Thea Kovac compares the place of Downer Avenue in the neighborhood to a kind of small town “Main Street.” She should know. Kovac, who is a vice president of the Historic Water Tower Neighborhood association, has lived in a home that abuts the Downer commercial block east of Downer theater since 1975.
When Thea thinks about how to describe the shopping district, she recalls a particular walk she took that brought her to the street from an unaccustomed direction. Seeing it suddenly from a new angle, caused a moment of dislocation and wonder: she suddenly felt she was walking into some small charming European town. Thea is not overly fanciful; that is exactly how the street is described in a 2001 City of Milwaukee study which resulted in the designation of the two commercial blocks as an historic district: “The character of the district is reminiscent of a small European village because at its center lies a picturesque church complex and clustered around it are a variety of small commercial buildings.”
Thea has worked hard over the years to see that the Downer Avenue commercial area continues to be a place of “small commercial buildings.” To Kovac, the stores offer a unique kind of commercial environment that is neighborly. She knows the shopkeepers, and they know her. They know her children as well, and some of them saw her children grow up. The shopkeepers have a stake in the neighborhood and in their relationships with the residents. She calls it an “important” and “synergistic” relationship.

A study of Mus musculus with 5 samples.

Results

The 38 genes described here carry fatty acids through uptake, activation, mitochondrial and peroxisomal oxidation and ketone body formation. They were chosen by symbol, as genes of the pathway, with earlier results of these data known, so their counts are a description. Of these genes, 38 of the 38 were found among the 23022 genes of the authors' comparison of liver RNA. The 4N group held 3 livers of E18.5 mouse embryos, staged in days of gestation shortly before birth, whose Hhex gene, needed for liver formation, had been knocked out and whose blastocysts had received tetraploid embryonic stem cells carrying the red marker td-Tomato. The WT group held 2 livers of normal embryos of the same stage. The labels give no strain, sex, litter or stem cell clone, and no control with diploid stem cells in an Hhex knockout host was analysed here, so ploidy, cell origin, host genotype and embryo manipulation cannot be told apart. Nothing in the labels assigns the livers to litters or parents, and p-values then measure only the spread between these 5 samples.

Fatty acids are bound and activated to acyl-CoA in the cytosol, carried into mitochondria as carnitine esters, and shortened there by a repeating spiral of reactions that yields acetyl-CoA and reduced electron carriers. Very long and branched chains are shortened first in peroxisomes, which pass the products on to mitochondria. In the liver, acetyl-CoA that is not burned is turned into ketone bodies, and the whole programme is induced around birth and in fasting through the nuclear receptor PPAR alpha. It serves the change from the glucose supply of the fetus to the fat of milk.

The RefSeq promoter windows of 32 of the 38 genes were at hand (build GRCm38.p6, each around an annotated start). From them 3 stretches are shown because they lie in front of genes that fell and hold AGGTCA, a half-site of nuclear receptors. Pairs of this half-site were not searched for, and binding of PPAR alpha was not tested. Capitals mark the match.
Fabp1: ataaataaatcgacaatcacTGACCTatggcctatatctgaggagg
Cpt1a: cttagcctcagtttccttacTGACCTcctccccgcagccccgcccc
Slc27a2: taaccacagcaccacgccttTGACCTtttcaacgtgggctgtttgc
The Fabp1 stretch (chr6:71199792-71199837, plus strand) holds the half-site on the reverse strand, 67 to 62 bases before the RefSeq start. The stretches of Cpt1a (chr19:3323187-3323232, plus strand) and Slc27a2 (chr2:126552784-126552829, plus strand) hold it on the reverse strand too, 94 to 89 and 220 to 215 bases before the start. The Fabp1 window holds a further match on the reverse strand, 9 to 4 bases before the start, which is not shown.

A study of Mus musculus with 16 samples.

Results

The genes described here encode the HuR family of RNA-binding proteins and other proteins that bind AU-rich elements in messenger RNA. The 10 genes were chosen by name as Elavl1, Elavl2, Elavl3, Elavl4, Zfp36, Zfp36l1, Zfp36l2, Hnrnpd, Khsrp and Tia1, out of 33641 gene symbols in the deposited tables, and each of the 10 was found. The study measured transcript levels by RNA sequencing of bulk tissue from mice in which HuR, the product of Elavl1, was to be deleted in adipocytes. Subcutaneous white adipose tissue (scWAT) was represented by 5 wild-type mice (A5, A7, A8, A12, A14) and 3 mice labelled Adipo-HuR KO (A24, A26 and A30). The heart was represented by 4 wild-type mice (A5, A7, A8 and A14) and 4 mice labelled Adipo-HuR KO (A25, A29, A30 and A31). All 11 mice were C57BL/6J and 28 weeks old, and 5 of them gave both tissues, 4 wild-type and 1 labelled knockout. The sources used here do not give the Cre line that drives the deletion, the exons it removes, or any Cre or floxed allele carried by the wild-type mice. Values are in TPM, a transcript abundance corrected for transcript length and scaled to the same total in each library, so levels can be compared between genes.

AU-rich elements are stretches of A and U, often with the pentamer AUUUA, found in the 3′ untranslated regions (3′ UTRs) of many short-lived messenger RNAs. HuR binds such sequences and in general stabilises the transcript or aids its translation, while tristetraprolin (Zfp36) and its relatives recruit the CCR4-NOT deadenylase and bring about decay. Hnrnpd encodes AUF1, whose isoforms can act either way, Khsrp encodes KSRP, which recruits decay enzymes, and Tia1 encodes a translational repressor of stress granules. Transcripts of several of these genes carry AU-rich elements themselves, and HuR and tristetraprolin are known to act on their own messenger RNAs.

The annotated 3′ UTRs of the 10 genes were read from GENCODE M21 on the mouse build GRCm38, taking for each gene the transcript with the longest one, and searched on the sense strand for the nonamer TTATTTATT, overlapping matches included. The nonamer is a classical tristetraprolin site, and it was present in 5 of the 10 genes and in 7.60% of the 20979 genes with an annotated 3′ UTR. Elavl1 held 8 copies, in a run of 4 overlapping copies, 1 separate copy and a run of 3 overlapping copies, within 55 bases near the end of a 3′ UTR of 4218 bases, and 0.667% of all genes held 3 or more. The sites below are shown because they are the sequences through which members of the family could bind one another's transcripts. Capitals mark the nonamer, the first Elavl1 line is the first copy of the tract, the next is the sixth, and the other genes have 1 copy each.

She believes that recent developers betrayed this relationship when they got permission to build the large, multi-story parking lot across from the movie theater. The developers “cared nothing about the neighbors.” The neighborhood association fought the parking structure but lost, despite the historic district designation. Thea argues that it is not a good practice to have a general development plan for such a little neighborhood area, and worries that other large developments will ruin the character of the neighborhood that the historic designation was supposed to preserve.
Thea relates many of the charms of living in the district, and has vivid memories of taking her kids to nearby Lake Park, and the excitement that the Coffee Trader brought to the neighborhood. When she first moved to the neighborhood the corner drugstore still had a functioning soda counter, and the owner talked about having met his future wife at the fountain. Downer has changed over the years to more of an entertainment and restaurant area, but she hopes the neighborliness between storekeepers and shoppers will continue.
- City of Milwaukee Historic Preservation Commission, "Final Historic Designation Study Report: North Downer Avenue Commercial District" (Milwaukee: Historic Preservation Commission, 2001), 10–11, 14.
- Thea Kovac, interview by Daniel Cho and Yuko Nakamura, Milwaukee, June 19, 2013.